What is in a brand?
John Gong

Editor's note: John Gong is a professor at the University of International Business and Economics and a research fellow at the Academy of China Open Economy Studies at UIBE. The article reflects the author's opinions and not necessarily the views of CGTN.

May 10 marks the fourth year of China's celebrating its Brand Day. The idea is to promote the made-in-China brand and help Chinese companies to better build up their brand images as they increasingly become multinational companies selling things around the globe. On the same day, Premier Li made a speech for this celebration event that emphasizes the importance of product quality.

Admittedly there was a time when made-in-China suffered a bad reputation; it stood for things that are cheap, shoddy, short-lasting, and even worse, counterfeits. I remember when I was giving lectures to government officials from Africa several years ago, all my students told me about these images when I asked them their impressions of products coming from China.

Things are changing though, as in other countries had. Who would have imagined that made-in-Germany at one time had pretty much the same image vis-à-vis British products as made-in-China products once suffered. Today the venerable German products often stand for the epitome of quality with German companies' relentless push into new territories, not just in terms of product quality but also innovativeness and creativity. As Premier Li said, I hope quality is something that Chinese companies are chasing as relentlessly as those German companies.

Today we have many Chinese companies developing in that direction, especially in the consumer electronics industry. The global mobile handset industry for example, is dominated by a platoon of venerable Chinese brands as Huawei, ZTE, Xiaomi, OPPO and etc. In Africa, Transsion Tecno, which is a mobile phone brand probably not heard of for many people in China, dominates the continent.

These are all encouraging developments. But aside from the product quality perspective, there is also another aspect of brand that is probably more subtle and more difficult for the brand owners to cultivate among global consumers. Brand, after all, is essentially a perception of the product or the company existing in people's mind. And it doesn't exist in a vacuum. Consumers can certainly experience the product first hand to make their own judgment. But for many others, the perception exists even before experiencing it.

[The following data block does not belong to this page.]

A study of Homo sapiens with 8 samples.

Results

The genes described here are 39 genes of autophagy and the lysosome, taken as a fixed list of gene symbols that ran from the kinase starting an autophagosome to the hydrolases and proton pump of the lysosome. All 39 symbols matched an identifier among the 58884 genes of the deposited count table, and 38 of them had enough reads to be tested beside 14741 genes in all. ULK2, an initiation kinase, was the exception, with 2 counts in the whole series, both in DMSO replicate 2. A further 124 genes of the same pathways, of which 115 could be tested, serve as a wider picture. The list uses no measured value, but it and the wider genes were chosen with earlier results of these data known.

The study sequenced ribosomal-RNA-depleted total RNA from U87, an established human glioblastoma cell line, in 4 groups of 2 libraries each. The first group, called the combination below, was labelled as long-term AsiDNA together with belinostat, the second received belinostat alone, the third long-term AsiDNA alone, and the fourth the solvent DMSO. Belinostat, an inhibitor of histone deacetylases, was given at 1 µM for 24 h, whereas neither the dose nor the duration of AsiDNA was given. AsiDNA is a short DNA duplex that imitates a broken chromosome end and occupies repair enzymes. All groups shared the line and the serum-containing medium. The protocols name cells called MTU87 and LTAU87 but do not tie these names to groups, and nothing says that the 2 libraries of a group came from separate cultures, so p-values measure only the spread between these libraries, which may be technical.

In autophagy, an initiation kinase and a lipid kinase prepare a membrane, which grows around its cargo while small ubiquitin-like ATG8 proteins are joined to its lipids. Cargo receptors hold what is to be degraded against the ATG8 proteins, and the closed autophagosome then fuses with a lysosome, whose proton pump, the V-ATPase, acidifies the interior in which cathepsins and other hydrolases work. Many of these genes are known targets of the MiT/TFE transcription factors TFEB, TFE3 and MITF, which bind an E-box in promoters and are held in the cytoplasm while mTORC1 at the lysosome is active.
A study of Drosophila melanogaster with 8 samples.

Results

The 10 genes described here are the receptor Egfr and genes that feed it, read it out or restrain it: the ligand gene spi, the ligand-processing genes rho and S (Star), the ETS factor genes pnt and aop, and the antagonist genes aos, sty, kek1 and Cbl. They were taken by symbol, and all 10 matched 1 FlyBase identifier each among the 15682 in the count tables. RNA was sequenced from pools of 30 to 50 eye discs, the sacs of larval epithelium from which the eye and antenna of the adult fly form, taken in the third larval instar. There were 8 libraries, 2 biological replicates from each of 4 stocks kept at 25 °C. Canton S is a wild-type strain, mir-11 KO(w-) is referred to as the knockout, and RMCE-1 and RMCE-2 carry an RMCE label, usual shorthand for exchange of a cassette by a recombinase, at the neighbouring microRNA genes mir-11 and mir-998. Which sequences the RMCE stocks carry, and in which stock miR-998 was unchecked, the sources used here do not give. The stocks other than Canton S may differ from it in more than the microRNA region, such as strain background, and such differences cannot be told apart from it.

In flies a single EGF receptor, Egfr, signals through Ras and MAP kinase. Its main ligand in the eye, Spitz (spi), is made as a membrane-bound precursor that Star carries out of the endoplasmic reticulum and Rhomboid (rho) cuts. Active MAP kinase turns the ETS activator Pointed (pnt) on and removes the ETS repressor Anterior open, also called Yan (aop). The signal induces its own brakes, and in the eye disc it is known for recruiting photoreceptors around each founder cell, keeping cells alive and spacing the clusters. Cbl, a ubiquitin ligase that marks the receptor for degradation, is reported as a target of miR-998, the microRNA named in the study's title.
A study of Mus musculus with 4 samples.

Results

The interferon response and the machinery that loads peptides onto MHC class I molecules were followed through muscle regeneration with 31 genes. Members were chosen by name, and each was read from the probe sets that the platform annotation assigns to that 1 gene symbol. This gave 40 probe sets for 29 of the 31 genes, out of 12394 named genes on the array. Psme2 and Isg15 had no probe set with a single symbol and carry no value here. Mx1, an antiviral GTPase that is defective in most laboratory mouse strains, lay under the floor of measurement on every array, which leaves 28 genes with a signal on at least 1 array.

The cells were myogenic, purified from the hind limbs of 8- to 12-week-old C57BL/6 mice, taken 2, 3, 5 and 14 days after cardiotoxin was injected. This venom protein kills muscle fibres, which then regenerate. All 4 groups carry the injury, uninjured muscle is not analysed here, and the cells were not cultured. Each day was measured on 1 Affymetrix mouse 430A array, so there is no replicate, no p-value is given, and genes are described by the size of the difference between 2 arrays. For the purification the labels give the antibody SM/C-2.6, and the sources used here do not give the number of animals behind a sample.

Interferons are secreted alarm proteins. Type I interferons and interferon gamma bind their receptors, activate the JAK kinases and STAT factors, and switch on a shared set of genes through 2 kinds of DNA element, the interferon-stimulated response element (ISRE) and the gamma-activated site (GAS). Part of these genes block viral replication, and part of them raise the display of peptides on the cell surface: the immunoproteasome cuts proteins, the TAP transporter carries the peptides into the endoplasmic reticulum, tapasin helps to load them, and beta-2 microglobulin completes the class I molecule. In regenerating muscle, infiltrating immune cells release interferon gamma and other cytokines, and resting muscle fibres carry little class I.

A Huawei logo is pictured at the headquarters of the Chinese telecommunications equipment and smartphone maker in Shenzhen, Guangdong Province, China, March 6, 2019. /VCG Photo

A Huawei logo is pictured at the headquarters of the Chinese telecommunications equipment and smartphone maker in Shenzhen, Guangdong Province, China, March 6, 2019. /VCG Photo

Research has shown that a brand image is not unrelated to that of the country where the brand comes from. Years ago a marketing paper published in Journalism and Mass Communication Quarterly coauthored by two researchers (Han and Wang, 2012) at Beijing University shows that news stories about Chinese products in the U.S. not only are related to public opinion of made-in-China, but also indirectly related to perceptions of China as well. Furthermore, how the news story is framed dictates whether consumers have a positive or negative impression of the made-in-China label, and more often than not it's negative.

Quote from them: "Media may provide a certain type of experience for people who don't have personal or direct experience with a country, so they get the message mainly from the media. They then accumulate this message with their experience of products and the two together forms the image of the country."

What this says is that the image of China and the overall image of made-in-China are also related to individual particular brands from China. In this regard then good Chinese brands today are also somewhat tarnished by the wave of anti-China xenophobic sentiment currently sweeping across the globe as a result of the COVID-19 pandemic, particularly in the United States where politicians left and right are fanning this type of negative sentiment on America's main streets for political gains.

Nevertheless it is a challenge that Corporate China needs to deal with. I don't have a really good strategy recommendation to offer. Maybe time will heal over time. Maybe our government can do something for those countries in need, which it is indeed doing, to help alleviate the negative feelings towards our people and our companies there. In the meantime, Chinese companies have to hunker down and relentless improve their products like the Germans do.